What are you doing to celebrate National Hunting & Fishing Day?
Got plans for the fourth Saturday in September? If not, you should have because it’s National Hunting & Fishing Day, which is also one of New York’s free fishing days.
For sportsmen, NHFD should be something they pay homage too, perhaps even forging a little awareness on behalf of our outdoor heritage. It seems like any given day is “something” day and we have no hesitation about celebrating National Hot Dog Day, or National Margarita Day; so why not boast a little on National Hunting & Fishing Day?
NHFD has been around for a long time, since the early 1970s, when it was brought forth by the National Shooting Sports Foundation to honor hook and bullet sports. The U.S. Congress and then-President Richard Nixon made it official in 1972.
I remember first reading about NHFD as a teenager while scouring the pages of the outdoor magazines of the day; about the only thing I had any real interest in reading. For many years, to me at least, NHFD didn’t seem like much, as there was little local hoopla about it. Still, on the fourth Saturday of September, I kind of made it a point to at least take the shotgun for a walk on the back woodlot and do a little grouse hunting.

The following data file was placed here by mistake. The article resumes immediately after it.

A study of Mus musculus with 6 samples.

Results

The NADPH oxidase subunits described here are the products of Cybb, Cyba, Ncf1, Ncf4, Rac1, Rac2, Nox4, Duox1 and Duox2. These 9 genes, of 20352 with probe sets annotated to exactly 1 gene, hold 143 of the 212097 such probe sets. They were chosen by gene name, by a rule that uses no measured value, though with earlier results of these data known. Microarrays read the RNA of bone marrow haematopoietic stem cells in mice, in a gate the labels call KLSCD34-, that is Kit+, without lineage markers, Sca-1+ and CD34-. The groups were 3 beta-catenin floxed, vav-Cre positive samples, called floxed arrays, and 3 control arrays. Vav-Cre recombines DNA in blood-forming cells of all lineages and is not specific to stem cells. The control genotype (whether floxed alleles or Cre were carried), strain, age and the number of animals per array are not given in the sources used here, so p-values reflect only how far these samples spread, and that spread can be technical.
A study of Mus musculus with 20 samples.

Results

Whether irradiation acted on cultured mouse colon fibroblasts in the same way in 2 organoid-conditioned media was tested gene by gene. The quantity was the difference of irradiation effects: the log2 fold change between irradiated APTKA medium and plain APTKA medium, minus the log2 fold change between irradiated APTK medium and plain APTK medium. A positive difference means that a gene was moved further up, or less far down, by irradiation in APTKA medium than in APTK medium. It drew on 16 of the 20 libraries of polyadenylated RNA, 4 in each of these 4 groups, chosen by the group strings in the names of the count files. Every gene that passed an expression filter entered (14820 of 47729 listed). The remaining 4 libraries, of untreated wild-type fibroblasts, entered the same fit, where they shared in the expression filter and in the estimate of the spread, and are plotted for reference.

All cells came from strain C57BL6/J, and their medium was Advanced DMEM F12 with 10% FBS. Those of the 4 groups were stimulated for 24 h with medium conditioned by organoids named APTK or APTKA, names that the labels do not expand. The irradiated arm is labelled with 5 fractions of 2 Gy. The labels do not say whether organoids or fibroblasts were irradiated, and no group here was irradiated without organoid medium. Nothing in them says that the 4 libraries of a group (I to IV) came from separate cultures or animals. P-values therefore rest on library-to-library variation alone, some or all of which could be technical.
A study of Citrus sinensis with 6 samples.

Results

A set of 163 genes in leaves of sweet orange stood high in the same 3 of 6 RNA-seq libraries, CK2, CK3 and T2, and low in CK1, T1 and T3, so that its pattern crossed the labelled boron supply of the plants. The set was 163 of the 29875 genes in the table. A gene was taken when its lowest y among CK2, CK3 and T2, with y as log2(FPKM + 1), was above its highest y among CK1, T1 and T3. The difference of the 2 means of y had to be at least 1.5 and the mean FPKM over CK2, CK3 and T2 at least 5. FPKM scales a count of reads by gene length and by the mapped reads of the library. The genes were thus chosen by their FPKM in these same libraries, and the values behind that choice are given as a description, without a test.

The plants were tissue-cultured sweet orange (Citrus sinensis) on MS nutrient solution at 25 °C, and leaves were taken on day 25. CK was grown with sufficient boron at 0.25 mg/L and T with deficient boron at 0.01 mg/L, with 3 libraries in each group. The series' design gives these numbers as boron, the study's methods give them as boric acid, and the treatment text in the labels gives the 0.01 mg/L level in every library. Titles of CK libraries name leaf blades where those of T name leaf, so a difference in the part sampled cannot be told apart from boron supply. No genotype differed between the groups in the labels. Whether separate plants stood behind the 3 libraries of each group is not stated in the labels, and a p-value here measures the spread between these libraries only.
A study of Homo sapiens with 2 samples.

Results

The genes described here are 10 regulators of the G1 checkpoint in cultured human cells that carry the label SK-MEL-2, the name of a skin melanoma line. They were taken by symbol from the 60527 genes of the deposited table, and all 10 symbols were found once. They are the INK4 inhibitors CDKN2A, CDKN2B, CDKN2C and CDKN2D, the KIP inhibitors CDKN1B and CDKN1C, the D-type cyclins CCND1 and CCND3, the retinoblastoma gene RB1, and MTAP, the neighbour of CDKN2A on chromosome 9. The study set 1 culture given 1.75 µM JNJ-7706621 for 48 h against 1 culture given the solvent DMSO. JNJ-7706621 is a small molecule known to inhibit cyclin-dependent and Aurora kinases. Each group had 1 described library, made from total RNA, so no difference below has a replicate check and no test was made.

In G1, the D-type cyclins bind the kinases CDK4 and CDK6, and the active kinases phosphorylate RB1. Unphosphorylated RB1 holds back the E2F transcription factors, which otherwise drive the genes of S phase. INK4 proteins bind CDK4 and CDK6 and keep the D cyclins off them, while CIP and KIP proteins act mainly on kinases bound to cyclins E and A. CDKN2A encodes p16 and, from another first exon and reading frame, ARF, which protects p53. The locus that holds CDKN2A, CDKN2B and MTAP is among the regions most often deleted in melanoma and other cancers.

Much has changed over the past few decades. NHFD now has a home in Springfield, Mo. Things have been quiet during COVID but on its website, nhfday.org, there’s plenty of information and in some years materials are available for those holding events centered around this special day.
There’s a few things happening in New York too, and you can find them on the Almanac & Calendar page in New York Outdoor News, or visit the Events page on our website: outdoornews.com/new-york/events/. It also so happens that in some areas youth waterfowl and pheasant hunts take place during the NHFD weekend.
While much of the focus around NHFD centers around helping those new to hunting and fishing, there’s no saying that has to be how one celebrates it. Perhaps setting aside some time to sight in that deer rifle, enjoy some archery practice, do some deer scouting, go small game hunting, do some work at hunting camp, photograph wildlife or just wet a line somewhere could be on your agenda.
Some years, celebrating NHFD proves challenging for this writer as it lands on or around my annual wedding anniversary (ironically, I got married on NHFD). This year, we’ll be joining some friends at a cozy cottage on an Adirondack lake where the emphasis will likely be on fishing. I’ll have plenty of fishing rods and tackle and will encourage those around me, including my wife, to make use of them a take advantage of the free fishing day.
It doesn’t matter how you celebrate National Hunting & Fishing Day, just that you do in some manner. Let’s continue to build on this.